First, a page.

Tuesday, January 29, 2008
2 ears 2 hear
I made contact with Charles Arthur soon after Tom came out of hospital - his son had a cochlear implant around the same time as Tom and it is great to read about the progress he's making. Charles' wife Jojo Moyes has written a piece for The Daily Mail supplement that is well worth reading - 'How Lockie broke through a wall of silence'. I hope you don't find the paragraph that follows the piece too alarming - I'm not sure about the relevance of the 'downstairs security check'.
On a slightly more self indulgent note, I've been contributing to getting a website off the ground that may be of interest to cochlear implant watchers. Hatched last summer as an attempt to get a few things out in the public domain about bilateral implants in time for the outcome of the NICE evaluation, 2 ears 2 hear has been launched. Written in conjunction with another parent of an implanted child, the website has a number of intentions: to support parents in their efforts to get what is best for their children from their PCTs, raising the profile of the issues surrounding bilateral cochlear implantation and to put some pressure on decision makers in the run up to the final publication of the NICE recommendations.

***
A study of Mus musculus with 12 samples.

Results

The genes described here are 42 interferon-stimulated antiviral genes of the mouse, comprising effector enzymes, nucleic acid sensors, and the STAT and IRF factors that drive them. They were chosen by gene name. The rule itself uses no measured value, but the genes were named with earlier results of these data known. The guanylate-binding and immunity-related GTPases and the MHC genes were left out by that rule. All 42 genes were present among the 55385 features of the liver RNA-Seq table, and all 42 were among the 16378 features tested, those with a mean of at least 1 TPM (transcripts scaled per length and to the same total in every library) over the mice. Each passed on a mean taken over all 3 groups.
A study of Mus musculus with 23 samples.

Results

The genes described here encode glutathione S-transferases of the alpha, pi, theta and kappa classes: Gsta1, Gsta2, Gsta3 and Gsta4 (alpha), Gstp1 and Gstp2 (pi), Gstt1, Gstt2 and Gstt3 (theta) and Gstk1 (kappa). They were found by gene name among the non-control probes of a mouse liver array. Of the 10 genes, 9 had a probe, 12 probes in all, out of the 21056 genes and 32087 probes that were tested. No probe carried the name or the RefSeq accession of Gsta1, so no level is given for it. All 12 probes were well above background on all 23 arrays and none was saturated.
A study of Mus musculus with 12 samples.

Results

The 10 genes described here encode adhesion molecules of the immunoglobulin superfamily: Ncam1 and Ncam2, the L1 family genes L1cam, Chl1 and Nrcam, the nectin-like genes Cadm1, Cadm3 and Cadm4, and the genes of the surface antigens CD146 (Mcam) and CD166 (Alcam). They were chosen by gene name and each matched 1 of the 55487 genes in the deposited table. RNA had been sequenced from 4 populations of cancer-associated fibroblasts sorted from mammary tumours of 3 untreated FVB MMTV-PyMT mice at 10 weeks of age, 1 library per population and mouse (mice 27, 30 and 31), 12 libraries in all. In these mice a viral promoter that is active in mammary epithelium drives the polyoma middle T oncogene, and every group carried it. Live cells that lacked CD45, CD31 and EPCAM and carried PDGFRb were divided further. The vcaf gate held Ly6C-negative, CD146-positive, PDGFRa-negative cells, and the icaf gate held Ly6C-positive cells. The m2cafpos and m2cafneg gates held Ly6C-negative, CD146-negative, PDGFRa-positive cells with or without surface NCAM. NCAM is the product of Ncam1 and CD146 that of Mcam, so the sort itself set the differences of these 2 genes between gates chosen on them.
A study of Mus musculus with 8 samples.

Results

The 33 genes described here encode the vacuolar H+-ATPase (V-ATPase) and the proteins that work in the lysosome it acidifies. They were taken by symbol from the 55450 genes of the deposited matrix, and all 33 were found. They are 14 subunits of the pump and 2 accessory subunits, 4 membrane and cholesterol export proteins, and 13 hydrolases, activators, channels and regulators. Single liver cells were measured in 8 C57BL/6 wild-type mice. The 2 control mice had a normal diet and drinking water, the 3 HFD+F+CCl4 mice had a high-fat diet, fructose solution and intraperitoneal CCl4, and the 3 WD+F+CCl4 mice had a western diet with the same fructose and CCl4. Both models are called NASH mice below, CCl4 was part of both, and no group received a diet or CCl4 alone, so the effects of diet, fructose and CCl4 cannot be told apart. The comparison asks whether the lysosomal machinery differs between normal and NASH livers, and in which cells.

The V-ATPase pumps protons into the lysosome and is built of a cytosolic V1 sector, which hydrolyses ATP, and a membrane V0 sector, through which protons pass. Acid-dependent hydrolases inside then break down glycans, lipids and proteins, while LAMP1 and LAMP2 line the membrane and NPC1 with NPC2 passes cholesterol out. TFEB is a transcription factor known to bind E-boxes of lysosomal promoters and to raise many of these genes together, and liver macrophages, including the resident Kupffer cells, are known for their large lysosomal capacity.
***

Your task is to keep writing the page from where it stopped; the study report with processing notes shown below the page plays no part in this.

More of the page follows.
NICE kind of beat us to it with the publication of their draft recommendations last month but there is still a few months to go before the final report. As I've written before, if these recommendations had been in place when Tom was deafened, he would have qualified under two out of the three published criteria. We believe these recommendations don't go far enough. With them as they stand there is tacit acknowledgment that two implants are better than one but the additional cost of the second operation appears to tip the cost-effectiveness balance along with the gradual decline in likely effectiveness that is associated with failing to stimulate the auditory nerve.
Two weeks in and nursery school is still pretty appealing. We have had our first taste of on outcome of parenting a school age child - we only know as much as Tom is prepared to tell us... and that is highly variable. And often seems to deviate from reality.
A recent visit from the physiotherapist confirmed what we were suspecting - Tom is making excellent progress. He is far more stable and physically adept in terms of his gross motor movements (hark at the scientific terms) and becoming gradually more confident with a range of activities. The question I always ask is 'how far can he go?' and, like most of the questions we ask to professionals, it is met with a much qualified, carefully phrased 'don't know'.
What can be said though, and this saddens me however frequently it needs mentioning, is that Tom would be making far less progress if we had taken the NHS approach and accepted well enough.